Every day we wake up to new revelations of fraud, graft, Ponzi schemes and white collar crimes in the news media. In response, schools are emphasizing ethical citizenship with renewed purpose as a measure to contain the daily encroachment of sands from the desert of integrity.
Citizenship education is related to character education. There are many conceptual systems for character education. Some include packaged programs with lesson plans and supplementary resources. Seligman and Peterson (2004) consulted multiple sources related to social virtues: Artistotle, the Torah, Upanishads, The Scouts Handbook, even Pokemon profiles. They decided on a final list of 24 universal moral values, including, bravery, citizenship, respect, justice, wisdom, integrity, love, sense of humor, appreciation of beauty and kindness.
Recently Peterson identified seven values that have a proven relationship with success in adult life. In collaboration with KIPP Schools, Angela Duckworth created an instrument to measure them in learners. If important values such as kindness, integrity and respect are moral values present in good people, these seven are known as “performance values”, and are found in successful people. They include self-control, enthusiasm, gratitude, social intelligence, curiosity, optimism and grit, or “passionate dedication to a mission”. (Tough, P., How Children Succeed, 2012)
Self-Control: In a famous experiment, a researcher put a marshmallow in front of each child in isolation and, after explaining the rules, walked out of the room. By first ringing a bell, kids were permitted to eat the marshmallow. Or, they could wait until the researcher came back into the room and receive two marshmallows. The study followed participants into adulthood, and found that children who were able to resist the temptation to eat the marshmallow for 15 minutes scored an average of 210 points higher on the SAT than children who ate the marshmallow within 30 seconds. Adults with low self-control scores as children were three times as likely to commit crimes and/or have multiple addictions as those with high levels of self-control.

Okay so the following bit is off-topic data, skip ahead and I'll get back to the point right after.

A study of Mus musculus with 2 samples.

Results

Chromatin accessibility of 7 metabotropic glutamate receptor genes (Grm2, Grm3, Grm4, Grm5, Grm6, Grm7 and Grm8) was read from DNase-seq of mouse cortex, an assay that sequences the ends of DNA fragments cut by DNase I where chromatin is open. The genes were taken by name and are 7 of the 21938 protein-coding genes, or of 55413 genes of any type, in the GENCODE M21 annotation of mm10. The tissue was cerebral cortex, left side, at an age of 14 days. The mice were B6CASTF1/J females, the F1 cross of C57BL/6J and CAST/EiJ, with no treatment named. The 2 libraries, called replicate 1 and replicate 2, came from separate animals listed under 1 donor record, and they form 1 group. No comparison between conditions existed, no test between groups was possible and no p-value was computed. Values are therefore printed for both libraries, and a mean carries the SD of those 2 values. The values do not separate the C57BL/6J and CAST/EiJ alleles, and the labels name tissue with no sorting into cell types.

Optimism: Martin Seligman is one of the founders of the school of Positive Psychology. A fundamental belief is that an optimistic outlook can be learned – that children and adults who can adopt more positive attitudes live a more happy, healthy and successful life. Pessimists believe that failure is due to permanent personal characteristics, whereas optimists look to explain the causes of failure in conditions specific to the situation. Therefore, they are more likely to get back up and try again. Cognitive-Behavioral Therapy is a technique of Positive Psychology, and it is even taught to middle school kids at the KIPP Schools as a self-control and metacognitive (thinking about thinking) technique. (Tough, 2012)
Zest: The motivation to enjoy and take full advantage of opportunities to participate actively in class and in other life situations.
Gratitude: Very similar to optimism, grateful people know how to be thankful for what they have received from life and the universe, rather than lament what they lack. This attitude helps people maintain a positive outlook and appreciation for others.
Social Intelligence: The child who can identify his or her own emotions, deal with and channel them, as well as interpret accurately the emotions of others is more effective and productive. He or she will know the true meaning of empathy, walking a mile in the other person’s shoes and being able to feel what they feel. Social intelligence promotes the effectiveness of multidisciplinary working groups and multicultural and diverse teams. These are highly valued in the global economy. In the classroom, social intelligence is essential in developing respectful civic life and helping reduce and resolve conflicts.
Curiosity: The motivation to explore new things with enthusiasm. Curiosity is fundamental to creativity.
Grit: Defined as a passionate commitment to a mission and dedication to its fulfillment, “grit” was identified by Angel Duckworth, author of an inventory she calls the “Grit Scale”. With only twelve items, the Grit Scale contains statements such as “new ideas and projects sometimes distract me from previous ones”, “setbacks don’t discourage me”, “I am a hard worker”, and “I finish whatever I begin”. Duckworth’s Grit Scale has proved to be the best predictor of success in stressful and difficult programs like the West Point cadet initiation.
The formal or informal mission of all schools includes preparing students for success in adult life. The discovery of performance values has enabled them to focus efforts on developing attitudes and skills proven effective in arming young adults for success. Cutting-edge schools make a collective, persistent and systematic effort to teach performance values.